It’s a rhino on the move, take two.

Hamilton Zoo’s female adult southern white rhinoceros Jamila has successfully moved north to her new home at Auckland Zoo.

The relocation is part of an Australasian zoos’ regional breeding programme for the species.

The operation to transport Jamila occurred earlier this morning, but was kept quiet to ensure a smooth transition. Six-year-old Jamila is now getting used to her new home and Auckland Zoo Curator of Mammals Warren Spencer says the team are excited to introduce her to visitors and rhino males Zambezi and Inkosi.

“We are very happy to finally be welcoming her to Auckland Zoo, with our hope, in due course, she will be able to contribute to the Regional Breeding Programme for her species,” says Mr Spencer.

“It’s been great working with our friends at Hamilton Zoo who are as passionate as us about advocating for and helping the southern white rhino species, near threatened in the wild.”

Hamilton Zoo Ungulates Team Leader Aaron Gilmore said the transfer is a positive move for the regional captive breeding programme of southern white rhinos, which is carefully managed to maximise the gene pool and ensure an appropriate population is maintained.

“We’ve had exceptional success with our rhino breeding with seven calves born here and Jamila’s move to Auckland Zoo offers the chance for her to pair up and continue to increase the gene pool” says Mr Gilmore.

Jamila is the daughter of Hamilton Zoo’s male Kruger and female Moesha and was born at Hamilton Zoo in March 2012.

“Jamila is such a cool rhino with a lovely nature. We will miss her but know that it was time for her to move on,” says Mr Gilmore.


Rhino Jamila is moving to Auckland!

Watch as the Ungulates team from Hamilton Zoo acquaint Jamila with her travel crate and take bloods, ahead of her move north.

Mr Gilmore and the ungulate team had been working regularly with Jamila to ensure the transfer was as stress-free as possible. Originally planned for September, the transfer was postponed.

“Jamila had been progressing well with her crate training leading up to the September date, but decided on the day she wasn’t in the mood,” says Mr Gilmore.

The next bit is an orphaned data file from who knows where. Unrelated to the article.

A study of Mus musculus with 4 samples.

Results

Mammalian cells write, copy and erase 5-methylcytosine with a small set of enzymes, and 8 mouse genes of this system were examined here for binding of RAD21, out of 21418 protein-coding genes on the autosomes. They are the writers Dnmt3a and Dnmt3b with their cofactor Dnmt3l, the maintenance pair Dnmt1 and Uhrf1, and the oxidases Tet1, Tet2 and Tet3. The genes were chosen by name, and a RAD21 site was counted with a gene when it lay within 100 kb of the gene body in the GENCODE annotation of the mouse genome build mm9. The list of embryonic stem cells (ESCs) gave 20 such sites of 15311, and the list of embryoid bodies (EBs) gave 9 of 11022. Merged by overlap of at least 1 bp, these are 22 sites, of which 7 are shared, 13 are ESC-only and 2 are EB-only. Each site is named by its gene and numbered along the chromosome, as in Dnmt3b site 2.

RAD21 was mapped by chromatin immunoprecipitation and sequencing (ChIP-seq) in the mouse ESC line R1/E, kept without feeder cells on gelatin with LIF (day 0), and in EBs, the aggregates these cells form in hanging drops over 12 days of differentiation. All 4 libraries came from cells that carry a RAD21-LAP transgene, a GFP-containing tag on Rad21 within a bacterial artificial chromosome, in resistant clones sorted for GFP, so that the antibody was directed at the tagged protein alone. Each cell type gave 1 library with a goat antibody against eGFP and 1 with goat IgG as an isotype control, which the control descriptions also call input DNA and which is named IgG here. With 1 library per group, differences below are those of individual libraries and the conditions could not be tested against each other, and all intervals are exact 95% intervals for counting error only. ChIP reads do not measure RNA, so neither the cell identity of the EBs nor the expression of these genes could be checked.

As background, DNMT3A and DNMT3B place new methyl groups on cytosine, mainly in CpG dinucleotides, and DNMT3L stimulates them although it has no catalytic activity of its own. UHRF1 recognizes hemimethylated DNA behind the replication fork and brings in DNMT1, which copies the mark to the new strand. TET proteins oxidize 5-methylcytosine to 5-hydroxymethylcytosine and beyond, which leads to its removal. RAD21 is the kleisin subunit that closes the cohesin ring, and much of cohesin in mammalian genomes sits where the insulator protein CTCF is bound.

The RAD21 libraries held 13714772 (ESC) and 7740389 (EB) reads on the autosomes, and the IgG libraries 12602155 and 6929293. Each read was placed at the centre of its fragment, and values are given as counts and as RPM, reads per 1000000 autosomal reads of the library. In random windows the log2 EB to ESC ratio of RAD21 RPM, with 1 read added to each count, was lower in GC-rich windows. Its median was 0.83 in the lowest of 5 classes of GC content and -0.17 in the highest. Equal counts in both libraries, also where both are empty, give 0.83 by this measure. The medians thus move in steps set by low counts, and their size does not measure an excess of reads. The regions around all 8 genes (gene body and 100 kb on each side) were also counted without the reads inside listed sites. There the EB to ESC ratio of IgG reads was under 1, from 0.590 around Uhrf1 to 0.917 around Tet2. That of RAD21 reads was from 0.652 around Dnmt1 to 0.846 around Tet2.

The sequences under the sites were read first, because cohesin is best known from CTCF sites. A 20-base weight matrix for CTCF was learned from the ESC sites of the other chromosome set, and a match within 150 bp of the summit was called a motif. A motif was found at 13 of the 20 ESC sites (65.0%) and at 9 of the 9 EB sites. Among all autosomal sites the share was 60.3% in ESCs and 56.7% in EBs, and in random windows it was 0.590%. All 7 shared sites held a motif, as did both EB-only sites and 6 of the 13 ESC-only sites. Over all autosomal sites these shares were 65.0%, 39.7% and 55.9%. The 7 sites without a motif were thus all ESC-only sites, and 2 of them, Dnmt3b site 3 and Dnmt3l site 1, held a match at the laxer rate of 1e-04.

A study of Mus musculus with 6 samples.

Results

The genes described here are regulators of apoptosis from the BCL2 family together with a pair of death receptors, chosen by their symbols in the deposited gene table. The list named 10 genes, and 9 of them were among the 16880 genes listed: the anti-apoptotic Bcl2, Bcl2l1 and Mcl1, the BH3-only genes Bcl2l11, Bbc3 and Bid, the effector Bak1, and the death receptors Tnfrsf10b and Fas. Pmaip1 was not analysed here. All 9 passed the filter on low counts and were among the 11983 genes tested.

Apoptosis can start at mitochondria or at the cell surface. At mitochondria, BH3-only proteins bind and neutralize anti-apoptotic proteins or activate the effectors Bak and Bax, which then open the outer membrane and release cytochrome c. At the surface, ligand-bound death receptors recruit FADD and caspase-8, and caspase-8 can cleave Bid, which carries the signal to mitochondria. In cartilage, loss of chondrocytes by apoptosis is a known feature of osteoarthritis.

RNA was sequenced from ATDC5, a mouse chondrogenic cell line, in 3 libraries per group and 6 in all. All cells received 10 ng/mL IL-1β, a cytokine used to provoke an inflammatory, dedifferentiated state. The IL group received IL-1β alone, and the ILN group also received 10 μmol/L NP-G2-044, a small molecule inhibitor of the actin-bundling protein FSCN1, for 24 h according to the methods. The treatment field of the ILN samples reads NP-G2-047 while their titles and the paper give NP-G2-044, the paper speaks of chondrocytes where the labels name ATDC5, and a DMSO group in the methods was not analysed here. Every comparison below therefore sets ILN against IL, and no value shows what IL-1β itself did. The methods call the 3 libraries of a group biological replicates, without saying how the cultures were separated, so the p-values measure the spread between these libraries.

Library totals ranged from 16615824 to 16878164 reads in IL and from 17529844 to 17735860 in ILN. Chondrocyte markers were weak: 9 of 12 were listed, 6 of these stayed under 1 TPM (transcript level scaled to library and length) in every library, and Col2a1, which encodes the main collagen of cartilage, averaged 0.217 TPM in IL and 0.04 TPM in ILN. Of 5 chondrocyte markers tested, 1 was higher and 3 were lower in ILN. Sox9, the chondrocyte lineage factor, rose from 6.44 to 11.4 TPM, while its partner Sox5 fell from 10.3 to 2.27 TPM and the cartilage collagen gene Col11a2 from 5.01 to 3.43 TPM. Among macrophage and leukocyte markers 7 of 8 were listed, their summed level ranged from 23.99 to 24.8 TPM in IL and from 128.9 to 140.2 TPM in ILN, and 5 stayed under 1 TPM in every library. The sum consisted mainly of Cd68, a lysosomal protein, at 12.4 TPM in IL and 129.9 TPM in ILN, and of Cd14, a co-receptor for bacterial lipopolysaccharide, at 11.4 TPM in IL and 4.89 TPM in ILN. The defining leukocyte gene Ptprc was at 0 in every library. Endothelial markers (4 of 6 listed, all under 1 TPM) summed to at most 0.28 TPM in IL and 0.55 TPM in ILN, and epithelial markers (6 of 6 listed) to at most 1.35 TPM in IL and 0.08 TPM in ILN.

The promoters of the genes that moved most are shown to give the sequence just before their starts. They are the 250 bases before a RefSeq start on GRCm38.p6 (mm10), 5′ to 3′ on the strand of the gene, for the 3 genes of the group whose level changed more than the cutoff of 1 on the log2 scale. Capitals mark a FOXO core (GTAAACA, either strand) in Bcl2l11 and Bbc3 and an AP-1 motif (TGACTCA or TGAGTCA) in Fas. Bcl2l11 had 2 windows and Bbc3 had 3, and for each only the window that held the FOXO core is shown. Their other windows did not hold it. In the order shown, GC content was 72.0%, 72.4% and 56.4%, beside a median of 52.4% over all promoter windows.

“Our priority is Jamila, so together with the Auckland Zoo team we took our cues from her and delayed it. Now we’re really happy to have everything run smoothly and we look forward to regular updates on how she’s enjoying life in Auckland.”

Nearly extinct in the early 1900s, successful protection and management has seen southern white rhinos numbers go from less than 100 to over 20,000 in the wild in protected areas and their classification changed to ‘near threatened’. The southern white rhino is one of five rhino species (others are sumatran, javan, black, greater or horned).  The animals are still illegally hunted for their horns.

Southern white rhino Fast Facts

  1. Southern White Rhino (Ceratotherium simum) is the largest of the 5 species of rhino (southern white, black, greater on-horned, Javan and Sumatran). It is found mostly in South Africa, with smaller populations in Kenya, Namibia and Zimbabwe
  2. Conservation status:  Near Threatened (IUCN Red List)
  3. Conservation success:  Once common across southern Africa, these rhino were thought to be extinct in the late 19th century, but in 1895 a small population of less than 100 individuals was discovered in Kwazulu-Natal, South Africa. After over a century of successful protection and management, they are now classified as ‘Near Threatened’
  4. Current threats: Sadly, poaching for the illegal trade in their horns, remains a major threat to rhino today
  5. Auckland Zoo support for rhino: Auckland Zoo supports the Lowveld Rhino Trust (LRT) in Zimbabwe, a conservation organisation that is working to increase both black and white rhino numbers in the Lowveld region.
  6. Auckland Zoo rhino:  Auckland Zoo is currently home to two southern white rhino – males Zambezi and Inkosi.